Trade union law firm wins landmark case rescinding temporary suspension order


At Dundee Sheriff Court, Unionline Scotland acted for a care worker from the city in a successful appeal to rescind a six month temporary suspension order imposed on its client by the Scottish Social Services Council’s Fitness to Practice Panel.

This is the first such successful appeal in Scotland.

Brian McLaughlin, head of employment law at Unionline Scotland told Scottish Legal News: “Our client had first been investigated by the SSSC in 2015 for allegations of misconduct which he disputed. The SSSC took a decision at that time not to seek a suspension.

‘My client continued to work for the same employer, receiving glowing assessments, for a further two years when the SSSC saw fit to refer him to a Fitness to Practice Panel  in respect of the same allegations. They recommended that my client be temporarily suspended while investigations into the allegations took place. Such a practice of suspending workers – while necessary in some cases – is all too common.”

A freedom of information request carried out by Unionline Scotland showed that over 90 per cent of preliminary hearings result in a suspension order being granted.

This compares to between nine and 32 per cent for doctors.

Mr McLaughlin said that being suspended, even for a matter of months, can have “devastating consequences for already low paid workers” and that “In the private sector in particular employers are often unable to redeploy workers who then lose their livelihood.”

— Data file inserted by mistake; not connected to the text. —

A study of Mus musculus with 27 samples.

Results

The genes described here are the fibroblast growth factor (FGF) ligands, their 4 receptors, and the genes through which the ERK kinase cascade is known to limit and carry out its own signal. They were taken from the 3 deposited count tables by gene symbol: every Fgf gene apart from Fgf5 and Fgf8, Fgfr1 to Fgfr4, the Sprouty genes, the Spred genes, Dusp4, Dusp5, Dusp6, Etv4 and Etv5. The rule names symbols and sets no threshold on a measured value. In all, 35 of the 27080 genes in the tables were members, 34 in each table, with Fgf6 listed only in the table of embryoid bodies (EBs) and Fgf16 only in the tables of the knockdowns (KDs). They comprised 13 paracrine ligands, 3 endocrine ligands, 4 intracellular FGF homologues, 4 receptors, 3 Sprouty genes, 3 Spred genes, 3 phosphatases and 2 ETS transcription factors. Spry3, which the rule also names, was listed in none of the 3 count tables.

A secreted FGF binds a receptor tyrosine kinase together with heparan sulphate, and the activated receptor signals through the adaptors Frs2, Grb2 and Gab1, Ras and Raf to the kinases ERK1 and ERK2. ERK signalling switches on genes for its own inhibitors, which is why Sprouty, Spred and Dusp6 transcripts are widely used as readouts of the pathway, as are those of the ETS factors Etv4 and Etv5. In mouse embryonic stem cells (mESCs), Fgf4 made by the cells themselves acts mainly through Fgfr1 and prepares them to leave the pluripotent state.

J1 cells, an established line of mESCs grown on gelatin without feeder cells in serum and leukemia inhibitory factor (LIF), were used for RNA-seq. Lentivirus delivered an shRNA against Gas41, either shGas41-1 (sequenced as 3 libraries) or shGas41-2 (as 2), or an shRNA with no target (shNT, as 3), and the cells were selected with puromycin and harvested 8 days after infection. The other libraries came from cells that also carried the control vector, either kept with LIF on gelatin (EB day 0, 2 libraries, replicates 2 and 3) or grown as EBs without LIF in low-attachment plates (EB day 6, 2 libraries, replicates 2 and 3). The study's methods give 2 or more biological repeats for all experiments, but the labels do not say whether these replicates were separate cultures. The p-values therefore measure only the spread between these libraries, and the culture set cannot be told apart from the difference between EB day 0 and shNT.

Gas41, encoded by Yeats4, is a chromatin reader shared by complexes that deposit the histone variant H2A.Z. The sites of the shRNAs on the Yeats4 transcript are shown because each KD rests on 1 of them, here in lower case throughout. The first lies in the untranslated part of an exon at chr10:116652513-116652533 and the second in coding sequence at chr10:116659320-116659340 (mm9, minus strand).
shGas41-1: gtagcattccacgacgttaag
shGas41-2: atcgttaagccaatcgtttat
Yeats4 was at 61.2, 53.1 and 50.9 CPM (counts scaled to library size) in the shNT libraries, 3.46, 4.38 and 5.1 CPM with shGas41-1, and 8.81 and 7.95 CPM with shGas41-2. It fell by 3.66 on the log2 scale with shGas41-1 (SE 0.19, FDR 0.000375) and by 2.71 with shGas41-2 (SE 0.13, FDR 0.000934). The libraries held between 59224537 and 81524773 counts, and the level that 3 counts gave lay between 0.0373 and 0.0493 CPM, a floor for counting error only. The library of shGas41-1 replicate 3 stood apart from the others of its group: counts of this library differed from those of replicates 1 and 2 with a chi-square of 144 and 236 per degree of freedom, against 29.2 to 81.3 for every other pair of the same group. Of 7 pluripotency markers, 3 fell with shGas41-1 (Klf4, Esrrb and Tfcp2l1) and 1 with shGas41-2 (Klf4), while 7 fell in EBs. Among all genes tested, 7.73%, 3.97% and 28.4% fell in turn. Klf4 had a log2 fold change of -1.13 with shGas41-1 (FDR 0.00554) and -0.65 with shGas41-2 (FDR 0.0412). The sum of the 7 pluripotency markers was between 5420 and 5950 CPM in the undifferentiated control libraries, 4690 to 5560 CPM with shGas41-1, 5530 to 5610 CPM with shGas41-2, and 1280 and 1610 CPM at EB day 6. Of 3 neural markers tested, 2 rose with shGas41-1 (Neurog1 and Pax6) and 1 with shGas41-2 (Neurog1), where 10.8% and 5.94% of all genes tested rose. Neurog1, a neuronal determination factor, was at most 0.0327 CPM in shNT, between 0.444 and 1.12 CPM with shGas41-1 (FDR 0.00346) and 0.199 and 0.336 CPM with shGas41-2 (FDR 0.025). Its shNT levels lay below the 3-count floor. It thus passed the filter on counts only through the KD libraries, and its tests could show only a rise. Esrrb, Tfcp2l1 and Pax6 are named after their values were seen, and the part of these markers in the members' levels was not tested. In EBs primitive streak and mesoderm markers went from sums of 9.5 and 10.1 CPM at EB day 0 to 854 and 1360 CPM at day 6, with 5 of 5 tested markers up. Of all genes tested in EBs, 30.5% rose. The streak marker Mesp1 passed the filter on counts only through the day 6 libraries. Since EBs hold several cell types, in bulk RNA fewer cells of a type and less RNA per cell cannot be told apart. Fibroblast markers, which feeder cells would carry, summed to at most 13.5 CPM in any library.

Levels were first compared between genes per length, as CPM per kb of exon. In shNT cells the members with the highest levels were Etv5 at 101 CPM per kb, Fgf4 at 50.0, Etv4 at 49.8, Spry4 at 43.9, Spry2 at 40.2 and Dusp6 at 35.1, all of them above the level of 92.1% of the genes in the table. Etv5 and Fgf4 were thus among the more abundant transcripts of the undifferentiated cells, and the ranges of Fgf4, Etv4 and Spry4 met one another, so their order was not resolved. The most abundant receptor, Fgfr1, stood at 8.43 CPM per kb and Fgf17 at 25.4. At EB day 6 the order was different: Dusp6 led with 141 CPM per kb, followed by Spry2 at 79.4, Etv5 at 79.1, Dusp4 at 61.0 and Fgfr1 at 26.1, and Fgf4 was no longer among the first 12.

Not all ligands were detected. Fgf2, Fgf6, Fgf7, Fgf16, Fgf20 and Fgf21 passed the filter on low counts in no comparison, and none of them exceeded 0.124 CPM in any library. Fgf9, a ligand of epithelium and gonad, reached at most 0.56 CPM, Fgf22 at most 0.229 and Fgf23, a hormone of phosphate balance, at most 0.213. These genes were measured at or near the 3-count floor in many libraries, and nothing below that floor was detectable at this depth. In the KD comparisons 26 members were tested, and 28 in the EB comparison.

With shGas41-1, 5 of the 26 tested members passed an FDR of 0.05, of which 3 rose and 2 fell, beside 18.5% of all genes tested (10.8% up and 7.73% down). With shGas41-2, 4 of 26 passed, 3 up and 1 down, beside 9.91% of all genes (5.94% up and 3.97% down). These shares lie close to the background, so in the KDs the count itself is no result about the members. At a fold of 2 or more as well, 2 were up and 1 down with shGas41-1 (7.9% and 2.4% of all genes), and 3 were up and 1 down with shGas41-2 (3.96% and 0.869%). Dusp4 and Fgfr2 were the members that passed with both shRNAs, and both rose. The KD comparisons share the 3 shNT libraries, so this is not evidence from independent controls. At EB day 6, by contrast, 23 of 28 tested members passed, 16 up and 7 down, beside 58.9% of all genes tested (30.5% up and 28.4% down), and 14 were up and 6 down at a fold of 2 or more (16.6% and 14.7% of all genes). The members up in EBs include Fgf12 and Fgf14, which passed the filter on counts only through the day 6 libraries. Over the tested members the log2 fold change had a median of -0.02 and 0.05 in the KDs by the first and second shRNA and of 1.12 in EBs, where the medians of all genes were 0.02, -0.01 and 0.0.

He added: “Our client was fortunate in that he had supportive employers who redeployed him, albeit at a lower wage rate. Our instructing trade union, GMB Scotland have been campaigning long and hard to highlight the iniquities in the SSSC disciplinary process and its punitive effect on their members. Unionline Scotland were happy to take up the challenge and appeal the suspension order.”

Counsel for the appellant, Dorothy Bain QC, argued that the decision to suspend the care worker was unreasonable, not proportionate, was not necessary for the protection of the public and was not in the public interest.

Sheriff Alison Smith agreed and directed that the suspension order have no effect.

Mr McLaughlin said: “Unionline Scotland are thrilled with this success both for our individual client, but also the for the many GMB and other low paid workers who will benefit from the decision.”

Unionline Scotland is part of UK-wide law firm Unionline, which is owned by the GMB and CWU trade unions.